Bring back the old time days!
Growing up with 4 boys (3 cousins and a brother), my childhood was filled with unstructured play time, mostly outdoor games like hopscotch, marble pitch, red light green light 123, freeze catch, just to name a few. Our parents provided the time, space, and freedom to play. Unstructured time for play was granted everyday after school and on weekends all year long from dawn until dusk. Space for play was wide-ranging and boundaries were always being negotiated. Our play most often took place outside and beyond the watchful eyes of parents, providing for the three “frees”: free of charge, free to choose, and free to come and go. What I learned through my play has been far more valuable to my adult life than what I learnt in school.
Unstructured play is play without predetermined rules of the game. There are no organized teams, uniforms, coaches or trainers. It is spontaneous, often made-up on the spot and changeable as the day goes on. It is the kind of play you see when puppies chase each other around a yard in endless circles or a group of kids play for hours in a fort they created out of old packing boxes.
Children today face a number of challenges to engaging in what many of us probably took for granted in our youth: good, old-fashioned, unstructured play—whether running around the playground at school recess, wrestling on the floor with our siblings, getting dirty in the yard with other kids from the neighbourhood, making mud pies or building forts from cardboard boxes. These challenges include more emphasis on academics, less free time for working parents and over-scheduled kids, unsafe neighborhoods, and new technologies that constantly entice all of us to sit and stare at screens. That’s why a new clinical report from the American Academy of Pediatrics (AAP) advises pediatricians to “write a prescription for play” for young children along with the advice they regularly offer parents on nutrition and developmental milestones. This type of unstructured play, which comes naturally to children, especially when they are deprived of distractions, “is not frivolous,” the AAP emphasizes, but “brain-building.” It is fun—no question about it—but research also tells us that it is critically important for the development of children’s bodies and brains.
Importantly, unstructured play does not include video games or computerized gadgets in its list of recommendations for play. Rather, real learning happens better in person-to-person exchanges rather than machine-to-person exchanges.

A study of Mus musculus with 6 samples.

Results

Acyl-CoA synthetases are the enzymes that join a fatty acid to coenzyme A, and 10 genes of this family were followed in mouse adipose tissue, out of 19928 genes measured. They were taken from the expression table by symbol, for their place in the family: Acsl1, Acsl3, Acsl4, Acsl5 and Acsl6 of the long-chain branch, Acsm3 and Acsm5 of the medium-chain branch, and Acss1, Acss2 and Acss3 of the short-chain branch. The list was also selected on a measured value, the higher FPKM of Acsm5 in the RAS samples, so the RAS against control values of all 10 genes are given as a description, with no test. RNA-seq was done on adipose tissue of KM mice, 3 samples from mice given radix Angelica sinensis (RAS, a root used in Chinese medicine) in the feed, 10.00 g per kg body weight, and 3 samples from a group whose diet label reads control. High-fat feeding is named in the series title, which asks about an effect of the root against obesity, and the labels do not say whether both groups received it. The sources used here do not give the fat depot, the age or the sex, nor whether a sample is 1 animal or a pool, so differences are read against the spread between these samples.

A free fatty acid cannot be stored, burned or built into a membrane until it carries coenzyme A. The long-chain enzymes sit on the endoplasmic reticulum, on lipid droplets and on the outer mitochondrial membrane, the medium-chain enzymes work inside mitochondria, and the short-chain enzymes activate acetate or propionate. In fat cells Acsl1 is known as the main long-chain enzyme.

Howard Chudacoff, a professor of urban studies at Brown University identifies place, things and time as three societal changes that impact children’s unstructured play. The place changes include shifts from informal, natural play spaces to contrived playgrounds, adult-directed activities and play within the home. Playthings have shifted from homemade and improvised toys to educational, manufactured and electronic choices. For past generations play was a child-initiated, open-ended activity. But for many kids today play has become adult-directed and highly structured and has a significant impact on children’s physical, cognitive, social and emotional growth.
The Benefits of unstructured play on whole child development:
● It provides opportunities for children to master elements of the world on their own terms.
● It develops self-determination, self-esteem, and the ability to self-regulate — all vital elements of emotional development.
● It fosters social competence, respect for rules, self-discipline, aggression control, problem solving skills, leadership development, conflict resolution, and playing by the rules.
● It stimulates the senses and allows children to discover the different textures and elements in the world.
● It provides fertile ground to cultivate creativity and imagination.
● It enhances cognitive understandings.
● It builds strength, coordination and cardiovascular fitness and moderates childhood obesity and its associated health complications.
● It sees boredom as a vehicle for children to create their own happiness, enhance inventiveness, and develop self-reliance.
“Recent research suggests that children should experience twice as much unstructured time as structured play experiences.”
Let’s bring back the old time days for our kids.